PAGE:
What is palatal expansion?
Palatal expansion is the widening of the upper jaw to make room for teeth to fit together and align properly, without becoming crooked or crowded. This allows the teeth to move straight and the jaws to function well, giving the appearance of a broader and straighter smile.
Orthodontists recommend palatal expansion for children with a narrow upper jaw while their teeth and jawbone are still growing. This will improve the child’s appearance and avoid difficulties with biting, chewing and speech.
Expansion may prevent the need for removal of crowded teeth later, because space is created while permanent teeth are developing.
How does palatal expansion work?
In an immature upper jawbone, the roof of the mouth is formed by two halves of flat bone that make up the palate. They are joined together at the center by a bony suture. Palatal expansion moves the suture apart through the use of an expander device. This widens the upper jaw as new bone fills the gap between the separated palates.
A rapid palatal expander (RPE)/rapid maxillary expander (RME) is placed close to the palate with screws attached to the back of the upper teeth, to be adjusted according to schedule.
How long will the expansion take?
The length of expansion depends on the amount of expansion an individual patient will need. Expansion can take a few weeks to a few months. The expander is generally worn for four to six months.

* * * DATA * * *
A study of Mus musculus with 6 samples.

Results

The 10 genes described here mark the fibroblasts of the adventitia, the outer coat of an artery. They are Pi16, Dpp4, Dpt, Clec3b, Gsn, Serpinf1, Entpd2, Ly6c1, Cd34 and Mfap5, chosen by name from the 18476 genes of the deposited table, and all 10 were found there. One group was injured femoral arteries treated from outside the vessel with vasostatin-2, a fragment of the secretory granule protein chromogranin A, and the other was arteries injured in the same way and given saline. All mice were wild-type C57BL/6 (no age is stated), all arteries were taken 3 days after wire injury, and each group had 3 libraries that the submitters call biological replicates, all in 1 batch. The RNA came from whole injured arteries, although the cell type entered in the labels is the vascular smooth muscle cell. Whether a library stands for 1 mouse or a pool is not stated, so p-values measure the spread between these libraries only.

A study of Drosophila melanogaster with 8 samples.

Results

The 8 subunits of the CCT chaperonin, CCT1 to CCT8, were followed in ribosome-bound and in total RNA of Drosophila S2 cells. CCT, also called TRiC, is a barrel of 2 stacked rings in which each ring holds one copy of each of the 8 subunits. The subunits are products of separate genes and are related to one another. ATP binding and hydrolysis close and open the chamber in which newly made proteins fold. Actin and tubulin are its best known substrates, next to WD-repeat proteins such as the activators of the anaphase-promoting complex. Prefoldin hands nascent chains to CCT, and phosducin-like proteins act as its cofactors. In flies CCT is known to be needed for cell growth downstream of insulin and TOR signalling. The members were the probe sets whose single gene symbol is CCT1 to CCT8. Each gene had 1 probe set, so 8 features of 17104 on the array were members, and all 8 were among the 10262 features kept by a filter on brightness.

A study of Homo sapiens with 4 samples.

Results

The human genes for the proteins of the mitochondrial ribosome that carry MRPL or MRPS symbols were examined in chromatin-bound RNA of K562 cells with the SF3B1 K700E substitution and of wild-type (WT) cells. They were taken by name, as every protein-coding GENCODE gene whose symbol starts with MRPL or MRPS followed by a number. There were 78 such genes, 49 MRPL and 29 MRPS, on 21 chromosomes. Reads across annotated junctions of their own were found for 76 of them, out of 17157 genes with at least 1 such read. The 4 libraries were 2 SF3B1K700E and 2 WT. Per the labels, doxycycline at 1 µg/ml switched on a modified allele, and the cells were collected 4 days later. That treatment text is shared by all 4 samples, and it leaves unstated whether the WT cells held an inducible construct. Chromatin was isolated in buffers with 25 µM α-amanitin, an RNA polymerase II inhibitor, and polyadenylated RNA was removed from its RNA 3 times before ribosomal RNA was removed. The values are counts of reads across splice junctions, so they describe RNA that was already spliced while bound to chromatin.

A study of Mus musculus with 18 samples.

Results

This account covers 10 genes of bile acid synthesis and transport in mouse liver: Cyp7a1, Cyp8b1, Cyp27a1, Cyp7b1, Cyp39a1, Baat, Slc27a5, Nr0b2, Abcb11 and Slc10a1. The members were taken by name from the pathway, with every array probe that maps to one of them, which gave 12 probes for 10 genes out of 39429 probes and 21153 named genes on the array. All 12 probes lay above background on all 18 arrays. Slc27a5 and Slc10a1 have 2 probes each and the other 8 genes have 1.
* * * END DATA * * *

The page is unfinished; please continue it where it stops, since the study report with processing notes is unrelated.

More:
What can I expect during that time?
You will initially feel a mild pushing against your teeth. Over the next few days, a tingling sensation and stronger pressure on your palate, nose and cheeks may be felt as the expander is being turned, and you may experience a slight headache. This is usually treated with over-the-counter analgesics.
You may notice space between the front teeth in the first few days, which is a sign that the palate has expanded. The space will close on its own within a month or so. Expansion is usually followed by wearing of braces.
How old is old enough for this treatment?
Although age is not the best predictor for palatal expansion, a patient ideally should still be growing, when the sutures in the palatal bone are open.
Patients who have completed growth have sutures already fused. The palatal expander can be used after a surgical operation in the upper jaw.